1. Simone Bignall, Sean Bowden & Paul Patton (eds.) (2014). Deleuze and Pragmatism. Routledge.
    This collection brings together the philosophy of Gilles Deleuze and the rich tradition of Pragmatist thought, providing a model for pluralist, boundary-crossing scholarship. Contributors explore Deleuze’s explicit and implicit relationship to American Pragmatism and investigate Deleuze’s thought at those points which are of most conceptual interest to philosophers currently working in the tradition of Pragmatism. By bringing together Deleuze’s philosophy and Pragmatist thought while remaining conscious of the differences between them, the collection aims to produce through the juxtaposition of these (...)
    Plural expressions of ‘belonging’ in postcolonial and multicultural societies give particular emphasis to a politics of cultural recognition. Within nations, diverse communities call for acknowledgement of their aspirations, for fair representation in public life and for protection of the distinctive cultural practices and beliefs that define and help to sustain minoritarian identities. Recognition is also important for group self-concept and cohesion, and so plays a vital role in the creation of stable platforms for political resistance. This essay explores Deleuze and (...)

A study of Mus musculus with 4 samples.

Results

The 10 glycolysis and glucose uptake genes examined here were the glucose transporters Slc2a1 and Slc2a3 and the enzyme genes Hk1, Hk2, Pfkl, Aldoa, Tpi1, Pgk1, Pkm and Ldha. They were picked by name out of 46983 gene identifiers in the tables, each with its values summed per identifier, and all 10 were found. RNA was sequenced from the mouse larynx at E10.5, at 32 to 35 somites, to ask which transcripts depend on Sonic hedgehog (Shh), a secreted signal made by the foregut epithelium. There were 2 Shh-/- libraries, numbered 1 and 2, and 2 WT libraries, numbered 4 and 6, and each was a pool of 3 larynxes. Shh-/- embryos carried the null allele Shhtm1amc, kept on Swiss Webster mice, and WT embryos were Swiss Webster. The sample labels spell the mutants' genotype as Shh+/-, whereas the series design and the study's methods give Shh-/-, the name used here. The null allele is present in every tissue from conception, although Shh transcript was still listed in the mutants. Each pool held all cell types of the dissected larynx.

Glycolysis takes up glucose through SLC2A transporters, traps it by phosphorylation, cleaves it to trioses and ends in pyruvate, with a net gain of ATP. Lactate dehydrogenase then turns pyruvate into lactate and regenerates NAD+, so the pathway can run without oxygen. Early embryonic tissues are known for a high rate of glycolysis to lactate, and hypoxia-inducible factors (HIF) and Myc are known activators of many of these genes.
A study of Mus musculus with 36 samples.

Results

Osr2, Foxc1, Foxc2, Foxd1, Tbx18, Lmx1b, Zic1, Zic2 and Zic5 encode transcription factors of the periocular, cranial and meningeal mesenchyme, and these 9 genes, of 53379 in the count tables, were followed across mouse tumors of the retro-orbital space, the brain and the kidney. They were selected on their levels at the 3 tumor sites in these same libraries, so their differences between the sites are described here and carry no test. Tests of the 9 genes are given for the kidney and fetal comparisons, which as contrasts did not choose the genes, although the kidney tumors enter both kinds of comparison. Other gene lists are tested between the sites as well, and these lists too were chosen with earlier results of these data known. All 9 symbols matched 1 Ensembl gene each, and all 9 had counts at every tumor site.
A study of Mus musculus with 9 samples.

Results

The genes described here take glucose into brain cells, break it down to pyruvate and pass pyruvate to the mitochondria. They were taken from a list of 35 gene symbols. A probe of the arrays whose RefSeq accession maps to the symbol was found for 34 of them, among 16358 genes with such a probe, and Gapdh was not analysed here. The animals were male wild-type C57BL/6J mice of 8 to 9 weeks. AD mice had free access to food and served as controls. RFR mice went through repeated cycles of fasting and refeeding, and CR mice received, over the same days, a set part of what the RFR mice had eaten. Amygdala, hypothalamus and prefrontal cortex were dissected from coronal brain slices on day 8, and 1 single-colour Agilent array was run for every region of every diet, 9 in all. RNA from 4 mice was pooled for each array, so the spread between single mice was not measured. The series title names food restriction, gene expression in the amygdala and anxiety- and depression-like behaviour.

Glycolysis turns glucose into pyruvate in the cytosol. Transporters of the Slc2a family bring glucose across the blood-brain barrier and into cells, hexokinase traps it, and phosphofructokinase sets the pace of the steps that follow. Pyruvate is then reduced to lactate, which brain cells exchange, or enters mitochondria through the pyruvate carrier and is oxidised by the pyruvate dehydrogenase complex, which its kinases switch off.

This paper explores the themes of apathy and activism by contrasting the conventionally negative concept of motivational desire-lack with Deleuze and Guattari's positive concept of ‘desiring-production’. I suggest that apathy and activism are both problematically tied to the same motivational force: the conventional negativity of desire, which results in a ‘split subject’ always already ‘undone’ by difference. The philosophy of positive desiring-production provides alternative concepts of motivation and selfhood, not characterised by generative lack or alienation. On the contrary, this alternative (...)
    This is the first collection of essays bringing together Deleuzian Philosophy and postcolonial theory. Bignall and Patton assemble some of the world's leading figures in these fields to explore rich linkages between two previously unrelated areas of study.
  7. Simone Bignall (2008). Indigenous Peoples and a Deleuzian Theory of Practice. In Anna Hickey-Moody & Peta Malins (eds.), Deleuzian Encounters: Studies in Contemporary Social Issues. Palgrave Macmillan.